Dozens killed in Uganda after landslides destroyed homes and buried animals
The government said the residents had been warned about the danger of landslides and even moved some people away, but they went back
Landslides have left at least 36 people dead in Uganda with rescuers warning the death toll may rise.
Hundreds have lost homes and livestock after torrential rains caused the River Suume to burst its banks, triggering landslides that devastated two villages in the mountainous eastern district of Bududa on Thursday afternoon.
Sowed Mansur, the regional police spokesman, said 36 bodies had been retrieved by Friday morning. In Maludu, part of a primary school disappeared under the mud, leaving more than 200 pupils missing.
The local media put the death toll at 40, with an estimated 400 people still missing, and dozens of injured survivors have been admitted to hospital.
“The heavy downpour and muddy ground is making our rescue efforts for the missing people and recoveries of bodies difficult. The teams carrying relief and necessary assistance can’t access the scene, since a connecting bridge was washed away,” said Mansur.
“Both animals and people were swept away in this disaster,” said Uganda Red Cross Society in a statement. “Our community volunteers did their best to rescue some people from the debris.”
President Yoweri Museveni wrote in a tweet: “I have received the sad news of landslides wreaking havoc in Bududa district, killing a yet to be specified number of residents. The government has dispatched rescue teams to the affected areas ... The government will look at the other options available to stop further occurrences of these disasters.”
A government minister claimed people had been told to leave the area.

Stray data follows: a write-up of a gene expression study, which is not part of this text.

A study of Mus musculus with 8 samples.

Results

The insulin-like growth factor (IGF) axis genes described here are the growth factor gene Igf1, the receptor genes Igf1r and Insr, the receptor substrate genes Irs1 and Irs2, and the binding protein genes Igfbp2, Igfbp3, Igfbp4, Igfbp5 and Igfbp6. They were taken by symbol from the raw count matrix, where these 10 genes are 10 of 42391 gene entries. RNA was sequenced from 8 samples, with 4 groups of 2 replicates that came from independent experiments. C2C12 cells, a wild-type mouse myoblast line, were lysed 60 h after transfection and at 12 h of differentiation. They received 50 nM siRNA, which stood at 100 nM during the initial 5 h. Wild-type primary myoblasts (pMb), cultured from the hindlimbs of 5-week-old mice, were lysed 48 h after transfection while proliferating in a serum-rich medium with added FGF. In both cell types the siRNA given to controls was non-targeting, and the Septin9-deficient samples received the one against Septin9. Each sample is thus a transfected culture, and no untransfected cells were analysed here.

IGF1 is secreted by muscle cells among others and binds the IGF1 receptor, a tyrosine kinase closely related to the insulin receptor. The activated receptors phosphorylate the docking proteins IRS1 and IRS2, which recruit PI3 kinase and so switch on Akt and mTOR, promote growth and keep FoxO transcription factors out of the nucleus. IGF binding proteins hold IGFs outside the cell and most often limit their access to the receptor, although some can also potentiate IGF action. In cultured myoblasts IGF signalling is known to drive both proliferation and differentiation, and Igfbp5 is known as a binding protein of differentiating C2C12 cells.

“We had earlier predicted about a problem [with landslides] in Bududa. We warned and advised those living in endangered areas to leave. But they ignored, resisted and insisted to stay. Now this tragedy has struck with devastating effects,” said Hillary Onek, minister for disaster preparedness and relief. “Some of them were shifted from there but went back. We are going to see how to safeguard the people at risk of the rains and landslides.”
In 2010, the government resettled hundreds of people who survived landslides in Bududa to the mid-western district of Kiryandongo, but many returned. At least 300 people were killed and thousands were forced to flee after a landslide buried three villages in March that year.
Prime Minister Ruhakana Rugunda said the government was helping more than 500 people affected by the disaster.
“Government has dispatched relief supplies including food, blankets, tents, tarpaulins, jerrycans and saucepans,” said Rugunda.
More than 100,000 people are at a risk of landslides in the mountainous Elgon and Ruwenzori subregions, with up to 20,000 of them likely to be displaced in the next four months, according to the government.